ZPD is a global leader in the production of sodium chondroitin sulphate - one of the most common dietary supplements used in the treatment of the painful symptoms of osteoarthritis. Key account manager Samer Abou-Houssein speaks to Ingredients Insight about the rapidly changing market for supplements, and the growing importance of sustainability and traceability.
Samer Abou-Houssein: There are unfortunately still many challenges in terms of quality and safety. Substandard material is still circulating in the market, and adulteration is still a factor, as well as issues with origin and traceability. We routinely conduct high-performance liquid chromotagraphy analyses on material obtained from the market and, unfortunately, we still see occasions of adulterated chondroitin sulphate (CS) being used by various manufacturers.
It is not uncommon for us to find products that have a much lower CS concentration, or are from a different species, than declared. Of course, we do not believe that this is necessarily due to malicious motives, but rather, perhaps, due to a lack of proper quality control on the receiver's end.
We have experienced a clear shift in the attitude of buyers and manufacturers, and the ever-increasing focus on consumer health and safety is changing the market for the better. We believe the best way to overcome these challenges is not necessarily by more regulation. They can rather be tackled by a better enforcement of rules, better control of goods and documentation at entry points, and industry self-regulation. The worst supplement makers, for instance, buy material that is suspiciously low in price, yet do not conduct sufficient - if any - testing on the material when they receive it.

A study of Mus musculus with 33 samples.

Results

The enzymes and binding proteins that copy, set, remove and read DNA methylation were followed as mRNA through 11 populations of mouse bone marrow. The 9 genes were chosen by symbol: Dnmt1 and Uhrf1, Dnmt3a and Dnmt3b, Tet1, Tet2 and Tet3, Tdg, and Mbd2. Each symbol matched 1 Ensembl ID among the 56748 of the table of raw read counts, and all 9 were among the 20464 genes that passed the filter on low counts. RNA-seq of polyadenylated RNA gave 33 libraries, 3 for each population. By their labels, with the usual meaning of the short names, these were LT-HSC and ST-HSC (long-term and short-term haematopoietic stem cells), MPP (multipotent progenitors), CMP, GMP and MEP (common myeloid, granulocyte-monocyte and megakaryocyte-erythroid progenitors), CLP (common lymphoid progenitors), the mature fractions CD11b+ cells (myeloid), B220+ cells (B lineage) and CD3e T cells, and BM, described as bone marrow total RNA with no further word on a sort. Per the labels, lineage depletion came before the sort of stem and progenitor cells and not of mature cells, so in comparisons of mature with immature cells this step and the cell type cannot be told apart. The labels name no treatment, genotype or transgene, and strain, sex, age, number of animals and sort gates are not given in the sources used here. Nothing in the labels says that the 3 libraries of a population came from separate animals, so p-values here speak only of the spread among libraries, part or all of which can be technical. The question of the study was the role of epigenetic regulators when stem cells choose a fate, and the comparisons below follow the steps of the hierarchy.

From a financial standpoint, new regulations are expensive in terms of compliance; we see that very clearly in the narrowing price gap between imported and domestic material. Manufacturing in a high-tech and automated factory like ours is, today, no more expensive than a labour-intensive, low-tech production.
Add to this the fact that the stricter regulatory environment requires more investments, more control and documentation, and you can understand why many of the traditionally low-quality/low-price suppliers are leaving the market. Various scandals in the pharma and food supplements industries have definitely made manufacturers more aware of the potential long-term damage to business and reputation, making them, understandably, less inclined to take any risks that might result in the loss of consumer confidence.
We manufacture according to a very comprehensive quality management system and consider traceability to be a vital component of our supply chain process. We spend considerable time and effort communicating to the market that quality cannot be ensured by product analysis alone: GMPs and the use of appropriate biological raw material are just as crucial.
In order to minimise any health risks, we use strictly controlled raw material that is regulated under EU byproduct regulation. The focus on traceability allows us to be able to respond rapidly to any nonconformance or recalls, which is critical in protecting the health and well-being of consumers, and, in so doing, our business and brand image.
Being persistent in communicating the importance of sourcing safe and legal products has really paid off, not only from a moral or legal point of view, but also from a financial point of view.
We understand that fierce competition and budget constraints may pressure or tempt anyone sourcing ingredients to choose heavily discounted products with poor documentation. However, the consequences are simply too severe for a business, as well as the safety and well-being of consumers, for it to ever be worth the risk.